VidCon concluded its Thursday events with a panel on the tensions between remaining independent while making money from online content
Representatives from agencies backing up-and-coming web talent spoke on a panel discussing the give and take of earning solid revenue and staying independent for VidCon’s final Thursday panel.
In a markedly more sobering and realistic panel than the ones delivered by YouTube stars previously in the day, the panel agreed on a “you can’t post and pray” outlook for making money creating online media content.
“There’s a saying that content is king,” said Dan Weinstein, head of digital at The Collective, “But marketing is queen and she runs the household.”
Margaret Healy, Strategic Partnerships Manager for YouTube, admitted that it is hard to rise above the clutter, and warned the audience not to trade away their independence too quickly.
Weinstein echoed the sentiment, but sees his agency as independent enough, at least in the Hollywood sense. He shared his work with YouTube star Lucas Cruikshank, whose character “Fred Figglehorn,” whom Cruikshank would play in his videos, became so popular that he was offered a movie deal with Nickelodeon in 2009.
The Collective was able to license the property to Nickelodeon, as opposed to the other route, as Weinstein sees it, to sell Nickelodeon all the intellectual property for the character.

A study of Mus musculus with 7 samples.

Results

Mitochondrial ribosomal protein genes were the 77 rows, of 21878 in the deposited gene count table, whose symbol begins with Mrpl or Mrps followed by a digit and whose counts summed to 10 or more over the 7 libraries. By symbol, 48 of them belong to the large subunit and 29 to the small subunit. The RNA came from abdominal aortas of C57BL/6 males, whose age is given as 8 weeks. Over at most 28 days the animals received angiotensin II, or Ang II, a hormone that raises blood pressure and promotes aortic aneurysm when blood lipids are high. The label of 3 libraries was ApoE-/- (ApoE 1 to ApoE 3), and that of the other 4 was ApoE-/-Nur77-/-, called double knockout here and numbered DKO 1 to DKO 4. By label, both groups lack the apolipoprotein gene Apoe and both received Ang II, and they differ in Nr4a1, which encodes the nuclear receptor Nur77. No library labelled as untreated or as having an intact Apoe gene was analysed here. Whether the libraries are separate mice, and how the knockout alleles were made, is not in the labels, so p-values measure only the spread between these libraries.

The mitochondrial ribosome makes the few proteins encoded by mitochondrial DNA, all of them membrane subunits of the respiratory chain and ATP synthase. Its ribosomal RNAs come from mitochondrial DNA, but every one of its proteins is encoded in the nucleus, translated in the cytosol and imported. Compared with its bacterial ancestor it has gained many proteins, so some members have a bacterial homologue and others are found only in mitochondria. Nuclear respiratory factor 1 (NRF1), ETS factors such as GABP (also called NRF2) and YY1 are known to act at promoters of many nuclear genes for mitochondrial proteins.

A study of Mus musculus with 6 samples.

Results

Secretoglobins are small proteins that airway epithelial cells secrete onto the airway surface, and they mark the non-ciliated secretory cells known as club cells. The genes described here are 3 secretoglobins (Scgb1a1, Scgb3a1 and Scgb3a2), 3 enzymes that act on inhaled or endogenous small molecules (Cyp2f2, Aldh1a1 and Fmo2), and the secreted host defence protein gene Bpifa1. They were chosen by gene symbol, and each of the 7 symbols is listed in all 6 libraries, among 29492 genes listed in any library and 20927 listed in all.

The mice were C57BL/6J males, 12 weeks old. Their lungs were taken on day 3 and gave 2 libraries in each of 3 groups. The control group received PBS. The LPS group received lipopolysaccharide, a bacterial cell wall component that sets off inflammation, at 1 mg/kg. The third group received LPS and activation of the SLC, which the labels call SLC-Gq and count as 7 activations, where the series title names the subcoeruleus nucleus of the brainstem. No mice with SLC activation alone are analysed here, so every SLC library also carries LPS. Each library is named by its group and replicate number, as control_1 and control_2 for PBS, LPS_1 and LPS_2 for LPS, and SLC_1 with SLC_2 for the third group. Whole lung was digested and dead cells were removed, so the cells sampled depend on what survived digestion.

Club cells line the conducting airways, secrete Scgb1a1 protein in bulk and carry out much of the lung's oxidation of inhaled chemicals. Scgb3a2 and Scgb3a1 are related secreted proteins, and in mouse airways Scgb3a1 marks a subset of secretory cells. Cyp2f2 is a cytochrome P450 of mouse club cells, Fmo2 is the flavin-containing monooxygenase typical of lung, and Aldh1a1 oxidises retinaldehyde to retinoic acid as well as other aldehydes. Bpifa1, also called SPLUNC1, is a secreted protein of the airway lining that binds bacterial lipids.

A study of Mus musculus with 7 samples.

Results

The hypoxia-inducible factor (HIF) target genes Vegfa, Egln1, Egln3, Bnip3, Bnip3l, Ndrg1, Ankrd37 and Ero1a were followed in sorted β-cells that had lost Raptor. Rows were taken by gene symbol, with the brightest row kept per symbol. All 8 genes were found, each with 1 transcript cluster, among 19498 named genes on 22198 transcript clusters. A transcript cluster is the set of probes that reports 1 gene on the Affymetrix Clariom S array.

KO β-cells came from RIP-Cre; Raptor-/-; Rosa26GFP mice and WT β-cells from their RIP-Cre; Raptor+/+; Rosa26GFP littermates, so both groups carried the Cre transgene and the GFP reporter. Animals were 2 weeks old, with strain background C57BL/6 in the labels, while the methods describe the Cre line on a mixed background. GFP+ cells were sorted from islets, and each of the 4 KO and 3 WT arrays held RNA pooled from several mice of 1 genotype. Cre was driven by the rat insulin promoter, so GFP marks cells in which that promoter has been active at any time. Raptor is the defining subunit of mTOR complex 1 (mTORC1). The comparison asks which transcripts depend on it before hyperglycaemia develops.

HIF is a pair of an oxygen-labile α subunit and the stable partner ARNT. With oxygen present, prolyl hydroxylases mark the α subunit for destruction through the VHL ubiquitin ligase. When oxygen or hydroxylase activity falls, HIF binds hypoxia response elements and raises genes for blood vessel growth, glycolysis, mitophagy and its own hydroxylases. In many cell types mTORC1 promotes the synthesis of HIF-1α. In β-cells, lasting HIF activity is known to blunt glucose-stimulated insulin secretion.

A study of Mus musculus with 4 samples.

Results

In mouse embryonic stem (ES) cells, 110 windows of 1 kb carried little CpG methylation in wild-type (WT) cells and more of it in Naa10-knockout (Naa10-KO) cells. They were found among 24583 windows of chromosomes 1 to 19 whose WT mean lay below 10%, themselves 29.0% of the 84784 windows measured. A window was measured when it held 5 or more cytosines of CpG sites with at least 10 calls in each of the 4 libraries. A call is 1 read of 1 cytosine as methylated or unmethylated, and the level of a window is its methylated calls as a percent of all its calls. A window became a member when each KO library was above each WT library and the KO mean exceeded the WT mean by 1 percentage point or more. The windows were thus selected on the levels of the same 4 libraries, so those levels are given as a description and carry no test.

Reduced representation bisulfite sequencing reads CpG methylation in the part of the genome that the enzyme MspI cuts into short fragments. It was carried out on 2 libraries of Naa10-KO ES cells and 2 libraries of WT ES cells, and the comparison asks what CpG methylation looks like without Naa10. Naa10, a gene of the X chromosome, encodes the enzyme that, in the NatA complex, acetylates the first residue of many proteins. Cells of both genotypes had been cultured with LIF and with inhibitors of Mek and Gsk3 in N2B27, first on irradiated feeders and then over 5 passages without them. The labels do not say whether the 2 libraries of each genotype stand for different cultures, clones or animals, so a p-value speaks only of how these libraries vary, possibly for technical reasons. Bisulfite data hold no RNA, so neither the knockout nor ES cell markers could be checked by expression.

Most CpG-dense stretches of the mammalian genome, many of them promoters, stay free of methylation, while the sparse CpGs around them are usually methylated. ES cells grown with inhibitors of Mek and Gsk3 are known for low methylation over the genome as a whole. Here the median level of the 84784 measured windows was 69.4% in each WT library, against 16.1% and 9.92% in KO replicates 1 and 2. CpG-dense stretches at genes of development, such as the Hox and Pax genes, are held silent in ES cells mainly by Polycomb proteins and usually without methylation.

Now, Weinstein explained, Cruikshank retains ownership of his character, and the 15-year-old is a major partner in a valuable movie franchise.
For those looking to work with an agency, panel members discussed the types of YouTube accounts they look for in potential partnerships.
“We want to make sure they have a balance of reach and scale,” said Weinstein continued. “Is there a community there? Are people engaged? Are they commenting?”
Panelists also discussed the merits of a strong niche audience as opposed to a general subscriber volume. “If I want to reach sneaker fanatics, I’ll pay more to reach a smaller, more engaged audience” said Mike Hudack, co-founder of online media domain blip.tv.
“If you have 10,000 loyal people, it’s worth more than 100,000 viewers who only watch you for 15 seconds,” added Healy. “You need to own your audience and connect with them.”
Panel moderator Liz Miller of “Attack of the Show” gave an example of failing, when she only accepted positive comments upon her channel’s launch, resulting in one positive comment with 20,000 “dislikes” tacked on to it.
Weinstein continued that success is up to the user, “but being able to sustain yourself and make a business out of what you love to do… nothing’s better.”